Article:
Like the emcee in “Cabaret,” Jake Shears invites us into his new eponymous solo debut album, a smart, eccentric and at times outlandish record that feel like its own self-contained cabaret performance.
Shears is best known as a founding member of the pop group Scissor Sisters. The group went on hiatus in 2012 following the album “Magic Hour,” a Billboard No. 1 album on the Top Dance/Electronic chart which featured the single “Let’s Have A Kiki.” Shears has since appeared alongside Kylie Minogue in the 2015 single “The Other Boys,” published a memoir and made his Broadway debut in “Kinky Boots” — coincidentally in the same role played by Panic! At the Disco’s Brendon Urie last summer. But in his first solo album (out last week), the 39-year-old singer seems interested in branching out from his previous work, experimenting with country and blues.
The album begins with a short “Introduction” that serves as a show opener and cements the performative element of the album: Piano and orchestra bounce along merrily and end with a drum roll that leads into “Good Friends.” Complete with bluesy piano and a saxophone solo, this track sets a fun, upbeat tone for the rest of the album. Shears hits his signature nasally falsetto in the bridge, putting him in his usual disco-ish vocal territory. It’s a solid start for the record and a fair sample of the whole.
The lead single “Creep City” is the theatrical climax of the album, due in no small part to the delightful music video. Under Mac Boucher’s direction, the curtain opens on Shears as the glamorous, seductive cabaret master — feathers, chapeau and all. And as if a reference to Cabaret’s “Money Money,” he sings: “Get me out of this creep city/I’m flat broke and I don’t need pity right now.” Throughout the song, the lyrics buzz with the smart aleck wit of the best Scissor Sisters songs.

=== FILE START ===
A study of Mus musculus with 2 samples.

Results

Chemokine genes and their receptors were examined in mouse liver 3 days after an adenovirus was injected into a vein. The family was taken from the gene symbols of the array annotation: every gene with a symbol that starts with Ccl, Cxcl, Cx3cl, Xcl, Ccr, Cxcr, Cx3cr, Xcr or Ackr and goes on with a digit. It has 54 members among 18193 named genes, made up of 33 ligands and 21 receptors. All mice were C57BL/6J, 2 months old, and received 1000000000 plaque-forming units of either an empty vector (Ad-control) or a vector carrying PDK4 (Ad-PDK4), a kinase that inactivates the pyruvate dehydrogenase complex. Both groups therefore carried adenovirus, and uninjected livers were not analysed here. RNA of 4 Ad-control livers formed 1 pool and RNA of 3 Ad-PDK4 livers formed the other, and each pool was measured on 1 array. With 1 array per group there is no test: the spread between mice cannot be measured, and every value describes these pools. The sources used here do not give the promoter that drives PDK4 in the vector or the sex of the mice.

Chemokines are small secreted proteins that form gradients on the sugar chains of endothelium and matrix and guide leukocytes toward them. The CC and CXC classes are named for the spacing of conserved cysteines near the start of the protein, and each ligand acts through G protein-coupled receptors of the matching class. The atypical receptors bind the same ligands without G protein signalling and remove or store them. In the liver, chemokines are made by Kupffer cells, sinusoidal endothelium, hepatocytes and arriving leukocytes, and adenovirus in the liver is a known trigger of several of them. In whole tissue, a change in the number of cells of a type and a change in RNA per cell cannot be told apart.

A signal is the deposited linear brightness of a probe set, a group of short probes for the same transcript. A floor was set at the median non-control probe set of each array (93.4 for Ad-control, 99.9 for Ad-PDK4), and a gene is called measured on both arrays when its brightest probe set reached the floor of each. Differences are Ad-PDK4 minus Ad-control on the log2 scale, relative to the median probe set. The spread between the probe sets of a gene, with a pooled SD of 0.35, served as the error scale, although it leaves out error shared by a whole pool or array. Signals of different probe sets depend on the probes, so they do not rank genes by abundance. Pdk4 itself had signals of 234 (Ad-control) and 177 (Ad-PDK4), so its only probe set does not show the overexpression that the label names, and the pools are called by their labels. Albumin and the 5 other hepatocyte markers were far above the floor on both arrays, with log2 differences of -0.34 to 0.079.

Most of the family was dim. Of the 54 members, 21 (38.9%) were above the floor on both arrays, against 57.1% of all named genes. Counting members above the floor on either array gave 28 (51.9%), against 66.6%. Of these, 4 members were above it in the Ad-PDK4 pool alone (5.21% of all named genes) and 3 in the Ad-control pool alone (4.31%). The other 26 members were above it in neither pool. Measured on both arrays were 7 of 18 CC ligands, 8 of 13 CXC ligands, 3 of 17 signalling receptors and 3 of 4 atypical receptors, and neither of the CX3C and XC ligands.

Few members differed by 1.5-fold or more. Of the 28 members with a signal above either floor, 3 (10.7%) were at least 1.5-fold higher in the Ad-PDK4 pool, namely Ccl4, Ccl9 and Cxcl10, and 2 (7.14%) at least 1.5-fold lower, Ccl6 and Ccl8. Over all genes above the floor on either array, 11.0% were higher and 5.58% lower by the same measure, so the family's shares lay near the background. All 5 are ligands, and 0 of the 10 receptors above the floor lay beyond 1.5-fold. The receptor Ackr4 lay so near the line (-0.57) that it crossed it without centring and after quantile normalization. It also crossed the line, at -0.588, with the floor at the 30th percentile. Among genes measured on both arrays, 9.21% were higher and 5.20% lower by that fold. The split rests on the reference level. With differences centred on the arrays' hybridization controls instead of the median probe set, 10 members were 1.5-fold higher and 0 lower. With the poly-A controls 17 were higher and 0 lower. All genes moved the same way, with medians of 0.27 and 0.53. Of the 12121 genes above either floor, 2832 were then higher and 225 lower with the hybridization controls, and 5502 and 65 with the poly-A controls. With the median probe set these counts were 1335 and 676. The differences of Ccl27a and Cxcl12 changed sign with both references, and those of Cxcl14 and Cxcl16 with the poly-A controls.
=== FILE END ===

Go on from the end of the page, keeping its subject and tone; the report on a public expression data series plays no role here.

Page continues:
“Sad Song Backwards,” one of the best cuts, has a country sound. The chorus has the feel of Nashville-based singer Margo Price’s “Hurtin’ (On the Bottle)” but a few clicks faster and with a strong theatrical component. Shears’ country stylings feature both a horn section and back-up singers better suited to Broadway than Nashville, but are a natural fit.
Perhaps the most clever track is the single “Big Bushy Mustache.” The album cover shows a pajama’d Shears with a prominent mustache lounging on a green antique couch. With his typical sense of humor, the singer winks at fellow follicle enthusiasts: “I want a porn star handlebar/And a neon pink Mustang as my second car.” But despite its clever lyrics, the song is less musically innovative than many of the other tracks. Shears instead opts for a more straightforward rock ’n’ roll sound.
The song “Mississippi Delta (I’m Your Man),” an ode to Shears’ current home of New Orleans, sounds as though it could have been recorded by Elton John, and the influence of “Superstition” on the song “Clothes Off” is unmistakable. There is also the pervasive influence of Queen and ‘70s disco throughout the album. But for Shears, variety is virtue. And if it’s his musical eccentricity that keeps him out of the American mainstream, it’s also what makes him so endearing.